Oct 23, 2017

Keeping the Alexander-Murray health care bill in context

As the debate unfolds about the bipartisan bill by Senators Lamar Alexander and Patty Murray to repair the Affordable Care Act marketplaces, the public could be just as confused as they have been about the ACA's marketplaces. That's why it's important to debate it in the right context: It's aimed at an urgent problem affecting a relatively small sliver of the health insurance system, not all of the ACA and not the entire health system.

The bottom line: It's a limited measure that will never give conservatives or liberals everything they want.

Expand chart
Data: Kaiser Family Foundation Health Tracking Poll conducted Oct. 5-10, 2017; Chart: Chris Canipe / Axios

Reality check: Many people will think it affects their insurance when, in actuality, it will have no impact on the vast majority of Americans who get their coverage outside of the relatively small ACA marketplaces.

The chart based on our new Kaiser Tracking Poll shows the confusion. Just 23% of the American people know that rising premiums in the ACA marketplaces affect only people who buy their own insurance. More than seven out of 10 wrongly believe rising premiums in the marketplaces affect everyone or people who get coverage through their employer.

The public will be susceptible to spin and misrepresentation of the limited goals of Alexander-Murray: a bipartisan effort to stabilize the marketplaces by funding the cost-sharing reduction subsidies, providing more resources for open enrollment outreach, and expediting state waivers.

President Trump has added to the confusion. He recently pronounced the ACA "dead", adding, "there is no such thing as Obamacare anymore." Possibly that's because he wishes it was dead. More likely, he was referring to the problems in the ACA marketplaces, which he has exaggerated.

Like thinking your whole house is falling down when just a part of the foundation needs shoring up, both he and the American people have an inaccurate picture of where the marketplaces fit in the ACA and where the ACA fits in the health system.

A few facts:

  • There are just 10 million people enrolled in the ACA marketplaces.
  • The law's larger Medicaid expansion and consumer protections are popular and working well.
  • The far larger Medicare and Medicaid programs and employer based health system combined cover more than 250 million people, and are largely unaffected by developments in the ACA marketplaces.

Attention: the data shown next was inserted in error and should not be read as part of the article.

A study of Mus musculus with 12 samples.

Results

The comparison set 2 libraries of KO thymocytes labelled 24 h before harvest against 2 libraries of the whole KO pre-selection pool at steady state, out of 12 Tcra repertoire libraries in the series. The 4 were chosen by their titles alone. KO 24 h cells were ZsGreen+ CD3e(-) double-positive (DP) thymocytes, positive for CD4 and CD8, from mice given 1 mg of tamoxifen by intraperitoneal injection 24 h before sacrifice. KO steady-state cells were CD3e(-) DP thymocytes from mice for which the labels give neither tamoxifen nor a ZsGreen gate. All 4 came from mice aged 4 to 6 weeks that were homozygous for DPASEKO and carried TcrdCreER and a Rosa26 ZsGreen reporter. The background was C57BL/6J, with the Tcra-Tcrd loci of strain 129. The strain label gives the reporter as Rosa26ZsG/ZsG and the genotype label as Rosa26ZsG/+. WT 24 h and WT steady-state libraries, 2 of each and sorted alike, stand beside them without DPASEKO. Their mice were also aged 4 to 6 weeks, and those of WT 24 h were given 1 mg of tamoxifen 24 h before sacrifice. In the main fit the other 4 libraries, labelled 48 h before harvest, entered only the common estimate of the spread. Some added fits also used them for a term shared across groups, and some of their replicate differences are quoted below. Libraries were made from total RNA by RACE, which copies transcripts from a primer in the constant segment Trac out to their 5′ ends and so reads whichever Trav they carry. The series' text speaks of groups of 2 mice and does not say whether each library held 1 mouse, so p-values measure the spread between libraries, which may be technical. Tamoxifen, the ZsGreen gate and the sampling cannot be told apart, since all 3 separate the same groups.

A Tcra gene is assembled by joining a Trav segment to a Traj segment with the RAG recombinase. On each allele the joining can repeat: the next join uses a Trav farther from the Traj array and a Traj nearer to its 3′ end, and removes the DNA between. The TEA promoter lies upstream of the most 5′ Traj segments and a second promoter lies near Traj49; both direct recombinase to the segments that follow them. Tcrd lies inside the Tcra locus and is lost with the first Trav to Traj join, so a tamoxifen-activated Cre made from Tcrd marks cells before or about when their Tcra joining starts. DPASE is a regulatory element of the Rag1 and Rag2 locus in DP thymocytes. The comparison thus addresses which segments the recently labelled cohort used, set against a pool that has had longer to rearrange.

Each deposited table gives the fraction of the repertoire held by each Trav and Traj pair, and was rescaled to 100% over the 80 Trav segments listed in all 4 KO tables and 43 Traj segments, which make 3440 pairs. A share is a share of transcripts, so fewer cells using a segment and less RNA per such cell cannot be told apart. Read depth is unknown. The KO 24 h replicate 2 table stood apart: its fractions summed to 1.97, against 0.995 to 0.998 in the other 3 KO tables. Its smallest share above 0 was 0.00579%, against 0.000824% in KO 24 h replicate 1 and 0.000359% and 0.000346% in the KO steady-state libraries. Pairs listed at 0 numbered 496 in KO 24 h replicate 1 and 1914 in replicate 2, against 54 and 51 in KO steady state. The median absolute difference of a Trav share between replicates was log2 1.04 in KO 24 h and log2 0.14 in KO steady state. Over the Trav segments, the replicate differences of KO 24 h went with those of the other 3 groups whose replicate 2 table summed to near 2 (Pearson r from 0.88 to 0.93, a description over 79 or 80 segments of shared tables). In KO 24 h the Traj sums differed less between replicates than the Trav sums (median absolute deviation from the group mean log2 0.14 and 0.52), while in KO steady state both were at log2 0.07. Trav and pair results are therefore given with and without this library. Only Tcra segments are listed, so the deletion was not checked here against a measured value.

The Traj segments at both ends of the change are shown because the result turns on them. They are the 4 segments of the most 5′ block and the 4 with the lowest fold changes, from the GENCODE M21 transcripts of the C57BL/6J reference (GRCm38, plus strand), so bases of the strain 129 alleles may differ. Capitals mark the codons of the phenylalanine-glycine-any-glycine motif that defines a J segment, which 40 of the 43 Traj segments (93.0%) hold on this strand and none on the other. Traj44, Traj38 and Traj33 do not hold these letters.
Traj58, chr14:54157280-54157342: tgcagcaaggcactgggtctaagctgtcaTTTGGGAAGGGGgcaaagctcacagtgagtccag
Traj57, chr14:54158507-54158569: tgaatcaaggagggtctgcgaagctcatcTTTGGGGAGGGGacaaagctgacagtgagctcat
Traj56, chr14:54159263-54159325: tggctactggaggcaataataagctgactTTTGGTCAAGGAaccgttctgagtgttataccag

• Premiums for the 155 million people who get coverage through their employers rose a very modest 3% in 2017.

Some conservatives in Congress will hold out for repeal, and they'll resist any legislation that they view as propping up Obamacare. But for everyone else, it's important to understand the problem and get the facts.

Go deeper

The polarized pandemic election

A Trump supporter protests Pennsylvania's stay-at-home order, during a May 15 rally outside the Capitol in Harrisburg. Photo: Mark Makela/Getty Images

President Trump is going all-in on pushing for a rapid, robust return to normal life, creating a visual, visceral contrast with Joe Biden and other Democrats who are more reticent to rip the masks off.

The state of play: Business friends have been urging Trump from the beginning to keep the lockdowns short. He's listening more and more.

Tech's long hot summer of antitrust

Illustration: Aïda Amer/Axios

Google, Facebook and other tech giants face a summer of regulatory grilling as long-running investigations into potential anticompetitive practices likely come to a head.

The big picture: Probes into the power of Big Tech launched by federal and state authorities are turning a year old, and observers expect action in the form of formal lawsuits and potentially damning reports — even as the companies have become a lifeline for Americans during the pandemic lockdown.

Palantir CEO hits Silicon Valley "monoculture," may leave California

Palantir is "getting close" to a decision on whether to move the company out of California, CEO Alex Karp said in an interview for "Axios on HBO."

The state of play: "We haven't picked a place yet, but it's going to be closer to the East Coast than the West Coast. ... If I had to guess, I would guess something like Colorado."